View Full Version : Richard Wilbur

Tuesday, January 18th, 2005, 09:41 AM
I include here a few poems of Richard Wilbur, famed poet and translator, winner of the Pulitzer prize, a "craftsman" poet. His political stance is not out of keeping with an American veteran of his generation, but his work I think is transcendent in general. The following poems I reproduce, having selected from ones that particularly stand out to me now, may well not be his best; his oeuvre ranges widely in content and form, his genius shows in almost all of it. Also of note are his many translations, such as those of Racine, Moliere, Baudelaire and Borges, to name a few.


Lamarck Elaborated

"The environment creates the organ"

The Greeks were wrong who said our eyes have rays;
Not from these sockets or these sparkling poles
Comes the illumination of our days.
It was the sun that bored these two blue holes.

It was the song of doves begot the ear
And not the ear that first conceived of sound:
That organ bloomed in vibrant atmosphere,
As music conjured Ilium from the ground.

The yielding water, the repugnant stone,
The poisoned berry and the flaring rose
Attired in sense the tactless finger-bone
And set the taste-budes and inspired the nose.

Out of our vivid ambiance came unsought
All sense but that most formidably dim.
The shell of balance rolls in seas of thought.
It was the mind that taught the head to swim.

Newtonian numbers set to cosmic lyres
Whelmed us in the whirling worlds we could not know,
And by the imagined floods of our desires
The voice of Sirens gave us vertigo.

Speech for the Repeal of the McCarran Act

As Wulfstan said on another occasion,
The strong net bellies in the wind and the spider rides it out;
But history, that sure blunderer,
Ruins the unkempt web, however silver.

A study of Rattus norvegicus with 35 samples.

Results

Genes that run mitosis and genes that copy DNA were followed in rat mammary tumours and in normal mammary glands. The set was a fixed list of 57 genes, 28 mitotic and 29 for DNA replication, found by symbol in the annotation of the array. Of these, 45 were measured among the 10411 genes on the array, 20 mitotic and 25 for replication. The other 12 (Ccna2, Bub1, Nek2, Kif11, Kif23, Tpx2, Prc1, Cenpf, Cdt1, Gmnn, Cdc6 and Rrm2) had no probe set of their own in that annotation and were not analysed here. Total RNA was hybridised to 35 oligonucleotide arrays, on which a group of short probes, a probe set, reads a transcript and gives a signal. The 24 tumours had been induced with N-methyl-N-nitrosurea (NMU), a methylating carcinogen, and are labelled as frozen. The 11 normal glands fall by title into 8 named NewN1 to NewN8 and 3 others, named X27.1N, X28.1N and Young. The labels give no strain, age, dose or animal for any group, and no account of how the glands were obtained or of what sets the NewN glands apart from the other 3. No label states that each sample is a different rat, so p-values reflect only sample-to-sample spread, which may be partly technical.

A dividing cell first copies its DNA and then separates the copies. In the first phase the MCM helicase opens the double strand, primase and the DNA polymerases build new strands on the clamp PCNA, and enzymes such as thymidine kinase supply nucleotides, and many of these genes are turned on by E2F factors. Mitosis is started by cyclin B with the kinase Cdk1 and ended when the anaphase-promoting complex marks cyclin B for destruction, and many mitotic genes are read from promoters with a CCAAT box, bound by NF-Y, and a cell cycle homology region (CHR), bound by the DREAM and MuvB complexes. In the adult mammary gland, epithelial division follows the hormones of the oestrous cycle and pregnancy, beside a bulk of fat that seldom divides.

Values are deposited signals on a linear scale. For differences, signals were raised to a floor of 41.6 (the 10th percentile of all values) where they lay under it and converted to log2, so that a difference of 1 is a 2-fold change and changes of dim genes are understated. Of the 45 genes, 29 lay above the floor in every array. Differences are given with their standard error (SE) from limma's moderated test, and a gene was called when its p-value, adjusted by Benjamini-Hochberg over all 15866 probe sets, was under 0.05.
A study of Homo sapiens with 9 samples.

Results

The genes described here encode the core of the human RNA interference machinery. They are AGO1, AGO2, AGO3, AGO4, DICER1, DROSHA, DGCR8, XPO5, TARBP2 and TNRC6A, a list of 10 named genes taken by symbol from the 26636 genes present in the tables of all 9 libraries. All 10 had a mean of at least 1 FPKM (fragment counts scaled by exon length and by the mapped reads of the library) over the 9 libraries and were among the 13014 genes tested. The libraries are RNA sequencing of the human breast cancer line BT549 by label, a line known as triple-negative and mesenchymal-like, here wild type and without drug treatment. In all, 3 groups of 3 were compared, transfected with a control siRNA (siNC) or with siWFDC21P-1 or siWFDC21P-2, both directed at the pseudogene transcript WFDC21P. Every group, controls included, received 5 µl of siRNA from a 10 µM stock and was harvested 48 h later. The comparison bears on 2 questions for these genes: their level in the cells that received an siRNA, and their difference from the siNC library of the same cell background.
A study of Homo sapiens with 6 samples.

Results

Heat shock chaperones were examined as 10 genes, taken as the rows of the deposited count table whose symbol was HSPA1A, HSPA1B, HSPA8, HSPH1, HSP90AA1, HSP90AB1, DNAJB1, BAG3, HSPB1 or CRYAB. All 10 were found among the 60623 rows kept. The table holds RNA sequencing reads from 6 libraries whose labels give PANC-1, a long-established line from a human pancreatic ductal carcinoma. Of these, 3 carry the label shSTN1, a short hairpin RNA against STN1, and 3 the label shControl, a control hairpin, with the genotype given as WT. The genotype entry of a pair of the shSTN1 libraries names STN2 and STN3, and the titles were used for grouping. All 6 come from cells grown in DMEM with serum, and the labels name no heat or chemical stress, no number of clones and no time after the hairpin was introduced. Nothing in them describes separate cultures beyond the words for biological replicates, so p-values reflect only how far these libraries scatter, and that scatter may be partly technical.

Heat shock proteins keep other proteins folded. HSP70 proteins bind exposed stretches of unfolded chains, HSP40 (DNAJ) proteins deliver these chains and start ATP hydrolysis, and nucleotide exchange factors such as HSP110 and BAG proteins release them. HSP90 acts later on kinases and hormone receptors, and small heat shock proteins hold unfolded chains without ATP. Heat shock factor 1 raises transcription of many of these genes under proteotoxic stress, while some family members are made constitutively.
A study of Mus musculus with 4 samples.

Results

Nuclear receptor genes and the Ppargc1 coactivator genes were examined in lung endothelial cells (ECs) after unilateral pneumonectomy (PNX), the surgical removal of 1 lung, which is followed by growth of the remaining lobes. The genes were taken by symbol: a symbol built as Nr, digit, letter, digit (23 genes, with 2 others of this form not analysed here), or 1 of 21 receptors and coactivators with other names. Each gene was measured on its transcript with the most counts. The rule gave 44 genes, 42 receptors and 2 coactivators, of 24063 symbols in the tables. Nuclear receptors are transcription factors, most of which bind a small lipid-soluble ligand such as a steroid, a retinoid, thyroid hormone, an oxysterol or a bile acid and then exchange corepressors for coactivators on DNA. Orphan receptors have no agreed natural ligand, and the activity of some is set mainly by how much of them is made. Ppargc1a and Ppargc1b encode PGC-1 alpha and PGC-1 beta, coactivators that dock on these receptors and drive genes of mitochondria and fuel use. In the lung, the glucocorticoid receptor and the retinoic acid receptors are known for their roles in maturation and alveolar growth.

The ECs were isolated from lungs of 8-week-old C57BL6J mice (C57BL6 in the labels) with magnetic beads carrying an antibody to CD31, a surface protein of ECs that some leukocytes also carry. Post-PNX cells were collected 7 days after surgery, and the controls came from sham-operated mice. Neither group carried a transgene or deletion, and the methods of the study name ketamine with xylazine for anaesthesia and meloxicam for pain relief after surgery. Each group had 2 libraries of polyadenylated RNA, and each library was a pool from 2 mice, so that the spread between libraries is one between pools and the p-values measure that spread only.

I am not speaking of rose windows
Shattered by bomb-shock; the leads touselled; the glass-grains broadcast;
If the rose be living at all
A gay gravel shall be pollen of churches.

Nor do I mean railway networks.
Torn-up tracks are not great trouble. As Wulfstan said,
It is oathbreach, faithbreach, lovebreach
Bring the invaders into the estuaries.

Shall one man drive before him ten
Unstrung from sea to sea? Let thought be free. I speak
Of the spirit's weaving, the neural
Web, the self-true mind, the trusty reflex.

A Black Birch in Winter

You might not know this old tree by its bark,
Which once was striate, smooth, and glossy-dark,
So deep now are the rifts which separate
Its roughened surface into flake and plate.

Fancy might less remind you of a birch
Than of mosaic columns in a church
Like Ara Coeli or the Lateran,
Or the trenched features of an agéd man.

Still, do not be too much persuaded by
These knotty furrows and these tesserae
To think of patterns made from outside-in
Or finished wisdom in a shriveled skin.

Old trees are doomed to annual rebirth,
New wood, new life, new compass, greater girth,
And this is all their wisdom and their art--
To grow, stretch, crack, and not yet come apart.

On the Eyes of an SS Officer

I think of Amundsen, enormously bit
By arch-dark flurries on the ice plateaus,
An amorist of violent virgin snows
At the cold end of the world's spit.

Or a Bombay saint asquat in the market place,
Eyes gone from staring the sun over the sky,
Who still dead-reckons that acetylene eye,
An eclipsed mind in a blind face.

But this one's iced or ashen eyes devise,
Foul purities, in flesh their wilderness,
Their fire; I ask my makeshift God of this
My opulent bric-a-brac earth to damn his eyes.